President Donald Trump unintentionally drew a round of laughter in his address to the U.N. on Sept. 25, when he claimed his Administration had achieved more than almost any before it. But the divisions on display at the 73rd General Assembly were no cause for mirth.
At Turtle Bay, the question of how the world should engage with Iran reached a boiling point, almost five months after Trump withdrew the U.S. from the multilateral agreement designed to prevent Iran from building a nuclear weapon. The issue is becoming a crucial test of U.S. dominance in transatlantic relations.
Trump has already ordered the reinstatement of sanctions on the purchase of Iran’s debt and taken steps to stop foreign companies from doing business in Iran. The European governments that spent almost two years negotiating the nuclear deal–France, Germany, Britain and the E.U. leadership–vowed to resist U.S. pressure for compliance and to protect the ability of their companies to evade U.S. penalties.
But some of Europe’s largest companies–including German conglomerate Siemens, French energy giant Total and Danish shipping firm Maersk–have stepped back from Iran to avoid losing access to more lucrative U.S. markets. The next wave of U.S. sanctions, due Nov. 5, will target Iran’s port operators, insurance and reinsurance businesses, and foreign purchases of Iranian oil. “More will follow,” Trump assured the U.N. on Sept. 25.
The impact on Iran has been swift and severe. Current forecasts estimate its economy will grow by just 1.8% this year before contracting by 4.3% next year. In recent weeks, Iran’s currency hit a series of record lows against the dollar, pushing prices higher.
The worry now centers on oil. Iran draws nearly 80% of its tax revenue from oil exports, which have fallen 35% since April in anticipation of November’s sanctions. Though Washington isn’t responsible for all of Iran’s economic troubles, the U.S. penalties have ignited a fast-expanding fire, and November’s oil sanctions will add accelerant.
At the U.N., Trump left little doubt about what he thinks of Iran’s leaders. They “plunder [Iran’s] resources to enrich themselves and to spread mayhem across the Middle East and far beyond.” They “sow chaos, death and disruption.” They are responsible for “havoc” and “slaughter.” Iran is “the world’s leading sponsor of terrorism.”
European leaders have a different view. British Prime Minister Theresa May told CBS News on Sept. 23 that Iran is holding up its end of the deal. “We believe the [deal] should stay in place,” she said, “and others involved in putting that deal together believe that it should stay in place.”
Now these countries want to protect their economies and companies from the ill effects of U.S. sanctions. The French, German and British agreed with Russia and China on Sept. 25 to try to set up a new payment system that would allow oil companies and other businesses to continue trading with Iran without having to rely on the U.S.-led global market and the dollar.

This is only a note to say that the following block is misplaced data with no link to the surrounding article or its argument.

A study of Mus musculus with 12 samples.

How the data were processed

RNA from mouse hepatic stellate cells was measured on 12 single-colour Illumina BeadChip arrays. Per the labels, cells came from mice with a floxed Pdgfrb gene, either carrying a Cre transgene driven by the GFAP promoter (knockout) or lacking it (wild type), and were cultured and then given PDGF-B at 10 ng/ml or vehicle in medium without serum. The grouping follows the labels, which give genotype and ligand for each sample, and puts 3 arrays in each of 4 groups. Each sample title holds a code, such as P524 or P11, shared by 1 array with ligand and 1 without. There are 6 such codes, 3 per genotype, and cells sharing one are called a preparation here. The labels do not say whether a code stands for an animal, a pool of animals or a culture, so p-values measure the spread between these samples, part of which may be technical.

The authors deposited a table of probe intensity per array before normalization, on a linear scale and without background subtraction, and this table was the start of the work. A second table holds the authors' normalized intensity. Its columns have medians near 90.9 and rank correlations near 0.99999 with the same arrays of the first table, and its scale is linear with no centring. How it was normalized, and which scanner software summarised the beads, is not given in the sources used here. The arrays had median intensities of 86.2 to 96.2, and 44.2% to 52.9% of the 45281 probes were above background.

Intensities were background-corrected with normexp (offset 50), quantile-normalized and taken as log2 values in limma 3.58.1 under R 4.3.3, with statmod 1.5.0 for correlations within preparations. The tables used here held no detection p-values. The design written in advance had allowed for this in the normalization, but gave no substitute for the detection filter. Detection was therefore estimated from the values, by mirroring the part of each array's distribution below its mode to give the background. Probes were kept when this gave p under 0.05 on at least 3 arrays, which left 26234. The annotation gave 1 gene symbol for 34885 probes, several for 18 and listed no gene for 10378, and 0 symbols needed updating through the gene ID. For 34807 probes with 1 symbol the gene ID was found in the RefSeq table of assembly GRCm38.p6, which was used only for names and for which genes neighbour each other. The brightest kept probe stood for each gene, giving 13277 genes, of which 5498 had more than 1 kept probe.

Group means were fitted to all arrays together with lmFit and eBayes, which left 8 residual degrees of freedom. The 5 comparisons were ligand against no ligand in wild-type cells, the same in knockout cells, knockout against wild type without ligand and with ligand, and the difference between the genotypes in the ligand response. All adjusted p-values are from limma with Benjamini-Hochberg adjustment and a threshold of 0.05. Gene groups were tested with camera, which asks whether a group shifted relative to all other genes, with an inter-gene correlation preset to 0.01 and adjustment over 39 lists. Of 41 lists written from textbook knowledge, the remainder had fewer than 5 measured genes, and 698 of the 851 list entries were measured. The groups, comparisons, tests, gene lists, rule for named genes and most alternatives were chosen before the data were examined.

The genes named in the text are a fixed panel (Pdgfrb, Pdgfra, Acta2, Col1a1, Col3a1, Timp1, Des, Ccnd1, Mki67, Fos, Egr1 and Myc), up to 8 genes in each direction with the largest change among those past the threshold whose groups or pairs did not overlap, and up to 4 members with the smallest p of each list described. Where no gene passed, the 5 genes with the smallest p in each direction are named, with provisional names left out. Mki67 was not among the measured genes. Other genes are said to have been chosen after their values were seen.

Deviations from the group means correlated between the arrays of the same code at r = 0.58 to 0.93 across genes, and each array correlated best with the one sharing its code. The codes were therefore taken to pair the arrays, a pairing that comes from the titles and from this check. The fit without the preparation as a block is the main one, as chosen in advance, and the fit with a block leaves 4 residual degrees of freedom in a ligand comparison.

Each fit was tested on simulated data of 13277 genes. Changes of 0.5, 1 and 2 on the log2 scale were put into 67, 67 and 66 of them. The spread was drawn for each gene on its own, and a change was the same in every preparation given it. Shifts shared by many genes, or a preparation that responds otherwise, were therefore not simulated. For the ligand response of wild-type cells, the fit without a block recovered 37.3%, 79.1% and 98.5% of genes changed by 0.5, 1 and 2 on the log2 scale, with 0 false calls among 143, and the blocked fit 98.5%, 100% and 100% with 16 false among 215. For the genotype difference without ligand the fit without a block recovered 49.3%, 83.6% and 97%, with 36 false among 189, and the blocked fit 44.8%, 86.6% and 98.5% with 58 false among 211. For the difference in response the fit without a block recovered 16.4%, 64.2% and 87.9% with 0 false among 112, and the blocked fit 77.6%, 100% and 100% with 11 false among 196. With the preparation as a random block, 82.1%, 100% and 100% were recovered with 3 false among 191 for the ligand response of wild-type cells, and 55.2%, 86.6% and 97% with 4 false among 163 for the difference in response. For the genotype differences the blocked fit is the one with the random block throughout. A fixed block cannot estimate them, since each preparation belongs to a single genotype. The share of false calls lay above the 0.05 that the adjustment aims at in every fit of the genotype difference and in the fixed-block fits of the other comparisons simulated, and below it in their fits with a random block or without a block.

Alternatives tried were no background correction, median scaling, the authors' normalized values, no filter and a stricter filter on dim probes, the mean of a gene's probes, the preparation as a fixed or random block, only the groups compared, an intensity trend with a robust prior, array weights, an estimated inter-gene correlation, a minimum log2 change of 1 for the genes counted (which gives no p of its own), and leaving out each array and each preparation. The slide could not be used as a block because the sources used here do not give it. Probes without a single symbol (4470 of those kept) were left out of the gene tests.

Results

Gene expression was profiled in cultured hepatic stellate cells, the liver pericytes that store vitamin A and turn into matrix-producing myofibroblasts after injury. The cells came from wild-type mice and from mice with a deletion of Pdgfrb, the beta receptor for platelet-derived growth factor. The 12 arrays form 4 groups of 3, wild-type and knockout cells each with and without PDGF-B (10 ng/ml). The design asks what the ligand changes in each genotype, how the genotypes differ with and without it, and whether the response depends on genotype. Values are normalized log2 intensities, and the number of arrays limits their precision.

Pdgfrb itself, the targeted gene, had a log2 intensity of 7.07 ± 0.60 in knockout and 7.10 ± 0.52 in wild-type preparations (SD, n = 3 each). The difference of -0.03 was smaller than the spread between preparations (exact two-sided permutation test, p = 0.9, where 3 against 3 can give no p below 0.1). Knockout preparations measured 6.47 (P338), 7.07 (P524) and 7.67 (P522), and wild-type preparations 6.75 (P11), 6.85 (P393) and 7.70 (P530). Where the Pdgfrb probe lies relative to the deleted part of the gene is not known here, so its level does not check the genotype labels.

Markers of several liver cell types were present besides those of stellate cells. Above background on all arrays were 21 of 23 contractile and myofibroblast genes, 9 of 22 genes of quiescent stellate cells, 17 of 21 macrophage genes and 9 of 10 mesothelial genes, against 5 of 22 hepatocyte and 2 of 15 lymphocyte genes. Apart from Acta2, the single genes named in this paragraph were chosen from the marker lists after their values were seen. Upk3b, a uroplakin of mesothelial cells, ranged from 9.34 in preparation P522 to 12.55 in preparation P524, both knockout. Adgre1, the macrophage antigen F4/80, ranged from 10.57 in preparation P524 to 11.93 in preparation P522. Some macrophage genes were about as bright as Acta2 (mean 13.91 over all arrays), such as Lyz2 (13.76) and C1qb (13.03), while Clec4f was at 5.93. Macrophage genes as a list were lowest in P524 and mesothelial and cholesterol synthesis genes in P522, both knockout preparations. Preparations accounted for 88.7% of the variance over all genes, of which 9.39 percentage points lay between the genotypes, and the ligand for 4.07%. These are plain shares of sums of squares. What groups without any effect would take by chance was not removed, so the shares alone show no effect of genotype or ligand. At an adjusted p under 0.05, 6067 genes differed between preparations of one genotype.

In short, they’re looking for ways to redefine the broader terms of their relationships with the U.S. Thanks to Trump, Europe is seeking to permanently alter transatlantic relations by ensuring that it is “a sovereign continent, not a vassal, and that means having totally independent financing instruments that do not today exist,” as French Finance Minister Bruno Le Maire said on Sept. 24.
There’s little reason to believe this new system will work. Whatever the Europeans build, the U.S. can always use market access to try to coerce others to do what Washington wants. The Iran deal is probably beyond saving, and the damage to U.S.-European relations will get worse.
Transatlantic tensions are nothing new, of course. Trump’s dismal approval ratings in Europe match those of President George W. Bush in 2008. Bush’s 2003 decision to invade Iraq united Germany, France and Russia in opposition to a U.S. foreign policy priority.
Yet European leaders now face greater pressure than ever to loosen the economic and security ties that bind them to the U.S. A generation has passed since the Cold War that cemented a U.S.-European partnership. And even Bush didn’t question the value of NATO or threaten to wage a large-scale trade war on European partners.
These issues, plus the increasingly bitter feud over the Iran nuclear deal, don’t add up to a total severing of the transatlantic tether. Leaders of France, Germany and the U.K. won’t consistently agree on when and how to engage Washington. Central European leaders like Hungary’s Viktor Orban and Poland’s Andrzej Duda still have warm relations with Trump. This is more a fraying of U.S.-European ties than a severing.
But the Western diplomats and foreign policymakers who chuckled during Trump’s speech had better understand that the momentum is with the U.S. President and his populists and patriots, not with the globalists and multilateralists. And that divide is growing larger by the day.
This appears in the October 08, 2018 issue of TIME.